As increasing numbers of stem cell transplant recipients become long-term survivors, interest in understanding their longterm immune status also assumes greater urgency. One important strategy for protecting patients against certain infections is the use of vaccinations. Just a few years ago, there were no published recommendations regarding this issue. Since then, both the European Group for Blood and Marrow Transplantation (EBMT) and the Centers for Disease Control and Prevention (CDC) have published recommendations. Drs. Goldberg, Cicogna, Rowley, and Pecora critically review the CDC recommendations in a nicely written article and provide important background information.
Surrogate End Points
They characterize the current scientific literature on the subject as anecdotal reports, expert advice, summaries, and limited series of patients using surrogate end points, overall resulting in inadequate scientific information upon which to base recommendations. Although this is certainly true to some extent and makes the existing literature partly confusing, practical issues concerning these types of studies can be commented upon.
The surrogate markers used to determine immunity and/or response to vaccination are measurements of antibody levels; ie, studies are not designed specifically to evaluate protection against infection. The problem is that, with the possible exception of influenza, the number of patients required to accurately analyze the protective efficacy of vaccination would make such studies completely unfeasible. Even in influenza, the study would have to be performed during a major outbreak to have enough power to show protective efficacy.
Pneumococcal infections are quite common, but given the recent EBMT data showing an incidence of 2.0 and 8.6 cases per 1,000 transplants for early- and late-occurring invasive pneumococcal infections, respectively,[ 1] and the fact that recently performed studies of conjugated pneumococcal vaccine in healthy children have included thousands of patients, ongoing studies (in both the United States and Europe) of the 7-valent conjugate vaccine (Prevnar) will also include serologic response as a primary end point. For rare infections in stem cell transplant patients such as diphtheria and tetanus, it is inconceivable that protective efficacy studies could ever be performed. Thus, surrogate end point studies are likely to be the only ones upon which recommendations can be based in the future.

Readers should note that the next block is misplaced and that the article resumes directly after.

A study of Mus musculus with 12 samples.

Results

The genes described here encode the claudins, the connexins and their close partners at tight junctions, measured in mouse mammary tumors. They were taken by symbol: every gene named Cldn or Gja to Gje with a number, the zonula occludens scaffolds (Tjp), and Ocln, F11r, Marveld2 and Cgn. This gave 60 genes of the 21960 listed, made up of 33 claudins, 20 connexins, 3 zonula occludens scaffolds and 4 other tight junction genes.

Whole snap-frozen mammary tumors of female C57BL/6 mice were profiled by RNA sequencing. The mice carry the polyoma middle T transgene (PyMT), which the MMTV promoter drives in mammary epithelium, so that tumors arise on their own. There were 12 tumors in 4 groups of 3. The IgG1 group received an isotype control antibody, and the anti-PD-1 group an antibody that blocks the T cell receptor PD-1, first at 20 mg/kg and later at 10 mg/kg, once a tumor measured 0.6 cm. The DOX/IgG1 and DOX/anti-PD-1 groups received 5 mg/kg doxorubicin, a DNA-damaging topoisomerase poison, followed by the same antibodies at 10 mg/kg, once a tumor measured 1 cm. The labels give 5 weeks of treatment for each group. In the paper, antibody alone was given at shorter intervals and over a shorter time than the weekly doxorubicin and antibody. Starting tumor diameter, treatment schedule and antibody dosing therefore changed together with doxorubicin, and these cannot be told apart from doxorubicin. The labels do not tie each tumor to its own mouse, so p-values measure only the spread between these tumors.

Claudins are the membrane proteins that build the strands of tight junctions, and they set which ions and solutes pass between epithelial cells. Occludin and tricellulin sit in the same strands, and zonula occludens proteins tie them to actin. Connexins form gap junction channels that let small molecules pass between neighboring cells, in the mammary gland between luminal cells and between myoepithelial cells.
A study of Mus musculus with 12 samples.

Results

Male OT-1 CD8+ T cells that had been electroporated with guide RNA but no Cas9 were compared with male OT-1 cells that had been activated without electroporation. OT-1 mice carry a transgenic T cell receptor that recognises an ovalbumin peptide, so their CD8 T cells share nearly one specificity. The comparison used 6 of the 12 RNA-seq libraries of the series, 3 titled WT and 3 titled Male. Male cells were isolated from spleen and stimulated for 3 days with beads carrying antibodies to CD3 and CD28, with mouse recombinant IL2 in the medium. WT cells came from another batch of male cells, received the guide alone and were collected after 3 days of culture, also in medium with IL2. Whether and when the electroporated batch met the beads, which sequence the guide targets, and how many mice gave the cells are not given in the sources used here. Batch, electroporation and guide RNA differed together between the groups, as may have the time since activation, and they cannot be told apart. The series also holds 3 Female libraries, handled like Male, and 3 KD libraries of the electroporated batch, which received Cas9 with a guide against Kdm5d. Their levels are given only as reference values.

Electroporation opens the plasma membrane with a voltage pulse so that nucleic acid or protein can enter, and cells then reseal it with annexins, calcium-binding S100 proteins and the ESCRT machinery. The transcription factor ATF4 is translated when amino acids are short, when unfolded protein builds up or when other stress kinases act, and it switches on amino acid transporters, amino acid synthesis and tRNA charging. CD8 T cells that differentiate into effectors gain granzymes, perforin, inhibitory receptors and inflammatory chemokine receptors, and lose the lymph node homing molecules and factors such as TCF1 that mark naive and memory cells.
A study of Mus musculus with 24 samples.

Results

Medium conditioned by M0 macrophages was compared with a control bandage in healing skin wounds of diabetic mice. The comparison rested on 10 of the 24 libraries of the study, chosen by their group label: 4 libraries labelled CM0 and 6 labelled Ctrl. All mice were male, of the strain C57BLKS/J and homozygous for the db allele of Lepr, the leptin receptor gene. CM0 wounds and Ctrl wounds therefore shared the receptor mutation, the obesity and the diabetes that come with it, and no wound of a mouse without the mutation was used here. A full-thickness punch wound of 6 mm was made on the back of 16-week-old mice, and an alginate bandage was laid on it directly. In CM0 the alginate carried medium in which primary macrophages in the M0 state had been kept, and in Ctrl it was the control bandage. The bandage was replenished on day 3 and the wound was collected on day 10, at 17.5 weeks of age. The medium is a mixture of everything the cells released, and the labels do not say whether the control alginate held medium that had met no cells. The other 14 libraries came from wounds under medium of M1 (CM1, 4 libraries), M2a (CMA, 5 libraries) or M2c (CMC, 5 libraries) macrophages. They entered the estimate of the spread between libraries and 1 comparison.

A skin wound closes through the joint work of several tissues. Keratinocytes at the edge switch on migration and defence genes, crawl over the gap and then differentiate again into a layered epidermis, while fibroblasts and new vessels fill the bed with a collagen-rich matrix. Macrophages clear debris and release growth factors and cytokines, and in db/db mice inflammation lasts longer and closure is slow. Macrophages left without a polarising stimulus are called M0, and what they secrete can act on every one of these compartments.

That said, many published studies are small and poorly controlled, and clearly better studies can and should be performed. In addition, the great variability in transplant techniques and the rapid development of new techniques—such as the use of reduced-intensity conditioning before transplantation and the use of alternative sources of stem cells other than bone marrow or peripheral blood—make this field even more confusing.
Nevertheless, a few aspects of vaccination can be stated with some confidence despite the current status of the published literature. Non-live vaccines are safe and do not induce more side effects in stem cell recipients than in healthy individuals. Moreover, the timing and dose schedule of vaccinations are critical to the results.
The authors clearly present the current status of the literature regarding pneumococcal vaccination. The main problem with the polysaccharide vaccine is the poor response rate, whereas the main problem with the 7-valent conjugate vaccine may be that it covers fewer pneumococcal subtypes than the 23-valent vaccine. Therefore, it will be critical in all future studies of the new vaccine, with or without the addition of a dose of the 23-valent vaccine, to follow patients for a long time poststudy to determine the risk for breakthroughs of serotypes not included in the vaccine.
The authors state that severe, lifethreatening influenza infections may occur during the early aplastic phase of transplantation. Although this is certainly true, it must be emphasized that fatal infections can also occur several years after stem cell transplant. Moreover, there seems to be no major difference in the risk for fatal influenza infections between autologous and allogeneic recipients. This is important because it supports the concept that stem cell transplant recipients need to be vaccinated for several years after a successful transplant.
Measles are a rare complication in stem cell recipients. However, due to a (most likely unwarranted) fear of the vaccine's side effects, an increasing proportion of parents avoid vaccinating their children. This will increase the risk of measles outbreaks, and smaller or larger outbreaks have been reported in several countries including Italy and the United Kingdom. Therefore, ensuring protection against measles might become increasingly important in the years ahead.
The epidemiology of many of the diseases and vaccines discussed in the review differs around the world. Therefore, physicians counseling patients before international travel must be aware of the potential increased risk for both infection and severe disease among those who have undergone a stem cell transplant. Such counseling might include a recommendation to delay or avoid travel to certain destinations or to change the vaccination schedule (eg, starting a diphtheria, tetanus, and polio schedule before the recommended time of 12 months posttransplant). Indeed, the EBMT recommends starting these vaccinations between 6 and 12 months posttransplant in light of similar responses that have been demonstrated.